Escalation in Egypt

The nightmare in Egypt is escalating.  My fears are deepening as well.

The government is trying to control the situation to their advantage by advancing inhumane tactics, as if the 30-year rule of Mubarak wasn’t inhumane enough.  The food supply has dwindled to a trickle.  Due to looters and thugs, some believe to be fronted by pro-government forces, local businesses are operating at a bare minimum.  Thus, the food supply is dwindling.  Local food suppliers, such as bakeries, are producing a minimal amount of bread  for sale.  What product they do put on their shelves is gone within minutes.  The gas stations are all shut down.  The ATM machines are out-of-order.  Additionally, the government has prohibited withdrawals exceeding $10,000 from personal bank accounts.  Internet access has been cut off.  Cell phone service is no longer available, except to receive pro-government messages from the state-sponsored source.

To add insult to injury, the powers that be in Egypt are now saying that the elections that are scheduled for September might not be able to happen even then.  Over Mubarak’s thirty-year reign, there has never been a plan for succession, other than his puppet-son, Gamal.  No process was ever in place to assure a peaceful transition.  There is some truth to the contention that even greater upset will prevail if Mubarak steps down immediately; Mohamed ElBaradei, the opposition leader, hasn’t even lived in Egypt for the last year.  The authorities are not certain if and how that fact could influence the formation of a new government under ElBaradei.  The Mubarak mobsters are using this lack of foresight and planning as an excuse to delay even further a change in authority.  Mubarak said today that for him to immediately leave power would cause even greater turmoil.  I do believe that most Egyptians are willing to take that chance, no?

Perhaps the worst development is the arrests of journalists.   Nichloas Kristof, a reporter for the New York Times and currently in Cairo, has reported his alarm regarding the detainment of members of the press because of the implications.  He writes, “I worry about what it is they (the Mubarak government) are planning that they don’t want us to see.”  This is a very scary scenario, i.e. if the government forces wipe out all the witnesses, who is to say that the violence, murder and mayhem against the protesters ever took place?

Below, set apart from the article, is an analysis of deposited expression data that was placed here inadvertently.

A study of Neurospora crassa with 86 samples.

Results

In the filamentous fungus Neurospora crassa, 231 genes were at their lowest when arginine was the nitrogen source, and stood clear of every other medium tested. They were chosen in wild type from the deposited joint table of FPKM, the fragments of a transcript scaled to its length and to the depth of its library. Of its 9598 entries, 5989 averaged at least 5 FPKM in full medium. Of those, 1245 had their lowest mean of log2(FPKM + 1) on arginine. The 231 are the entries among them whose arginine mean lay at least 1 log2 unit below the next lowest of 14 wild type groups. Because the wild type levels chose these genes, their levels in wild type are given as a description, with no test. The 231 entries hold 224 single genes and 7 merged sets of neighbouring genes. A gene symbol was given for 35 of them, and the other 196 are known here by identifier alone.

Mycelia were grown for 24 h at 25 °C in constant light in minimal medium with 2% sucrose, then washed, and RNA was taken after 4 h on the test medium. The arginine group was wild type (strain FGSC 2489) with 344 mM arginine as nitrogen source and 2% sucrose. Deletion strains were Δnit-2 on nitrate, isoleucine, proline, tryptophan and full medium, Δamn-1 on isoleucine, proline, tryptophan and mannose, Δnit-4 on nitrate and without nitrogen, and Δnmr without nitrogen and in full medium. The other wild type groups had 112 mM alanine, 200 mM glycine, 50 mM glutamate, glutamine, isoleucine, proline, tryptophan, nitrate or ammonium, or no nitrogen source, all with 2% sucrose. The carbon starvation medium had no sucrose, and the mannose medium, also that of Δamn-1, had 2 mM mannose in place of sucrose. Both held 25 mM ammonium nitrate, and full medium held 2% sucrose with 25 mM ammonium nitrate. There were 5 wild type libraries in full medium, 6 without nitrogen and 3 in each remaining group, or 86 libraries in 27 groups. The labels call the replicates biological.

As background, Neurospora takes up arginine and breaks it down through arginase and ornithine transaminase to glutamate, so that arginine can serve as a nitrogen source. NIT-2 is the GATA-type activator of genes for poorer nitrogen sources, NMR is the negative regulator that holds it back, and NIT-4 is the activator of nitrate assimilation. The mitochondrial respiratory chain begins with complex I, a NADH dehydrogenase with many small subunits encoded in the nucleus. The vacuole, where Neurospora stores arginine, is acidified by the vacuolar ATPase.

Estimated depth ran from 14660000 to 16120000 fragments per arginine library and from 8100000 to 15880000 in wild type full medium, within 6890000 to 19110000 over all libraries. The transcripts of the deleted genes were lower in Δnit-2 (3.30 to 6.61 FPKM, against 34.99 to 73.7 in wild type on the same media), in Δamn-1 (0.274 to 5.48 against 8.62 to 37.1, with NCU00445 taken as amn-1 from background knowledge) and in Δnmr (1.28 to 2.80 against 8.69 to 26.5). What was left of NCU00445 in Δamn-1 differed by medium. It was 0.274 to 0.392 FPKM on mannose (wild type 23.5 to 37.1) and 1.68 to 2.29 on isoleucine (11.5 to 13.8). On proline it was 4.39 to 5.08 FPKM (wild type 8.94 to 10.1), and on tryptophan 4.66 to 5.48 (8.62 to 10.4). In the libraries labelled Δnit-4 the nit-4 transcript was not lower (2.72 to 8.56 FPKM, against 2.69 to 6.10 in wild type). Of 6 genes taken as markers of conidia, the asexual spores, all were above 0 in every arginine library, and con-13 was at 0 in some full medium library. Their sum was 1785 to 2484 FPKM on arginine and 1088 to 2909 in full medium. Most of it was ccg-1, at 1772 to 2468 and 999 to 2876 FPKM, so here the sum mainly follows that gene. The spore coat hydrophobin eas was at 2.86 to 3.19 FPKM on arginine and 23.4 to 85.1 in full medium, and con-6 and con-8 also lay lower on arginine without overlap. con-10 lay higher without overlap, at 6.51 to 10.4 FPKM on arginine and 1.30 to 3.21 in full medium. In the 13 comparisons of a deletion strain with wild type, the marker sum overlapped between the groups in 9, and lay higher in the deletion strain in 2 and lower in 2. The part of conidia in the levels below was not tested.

No matter what President Obama and the U.S. say or do to be of assistance to the people of Egypt, they are in a no-win situation.  Israel has nothing but contempt for President Obama and his response thus far to Egypt.  Talk about tunnel vision.  On the other side, many are saying that the American head of state has not been firm enough with Mubarak.  Well, duh!  How committed can our President be to Egyptian freedom when he has no clue as to who will step in and assume power there?  President Obama is walking a very thin tightrope here.  The time is not right to throw caution to the wind.

Is it time yet for America to threaten Egypt with the suspension of the  over one billion dollars of aid per year that we give to that nation?  Probably it would be a valuable discussion to begin at this point.  However, America should not dictate to Egypt if and how they should deal with this uprising, as that strategy would be simply replacing one dictator with yet another.

The situation in Egypt is becoming more dire as the hours and days pass.  I fret and worry what will come next.  The methods the Mubarak administration is using to quell the revolution are dishonest and unjust.  Instead of beginning talks on reforms and facing the issues head-on, the government is trying to influence events by starving the people and making daily living impossible.  In this way, the government is banking on the people to cede out of desperation.  Whether the government forces capitulation to their continuing rule by means of bullets or lack of bread, their methods of quashing the demand for real freedom is illegal and inhumane.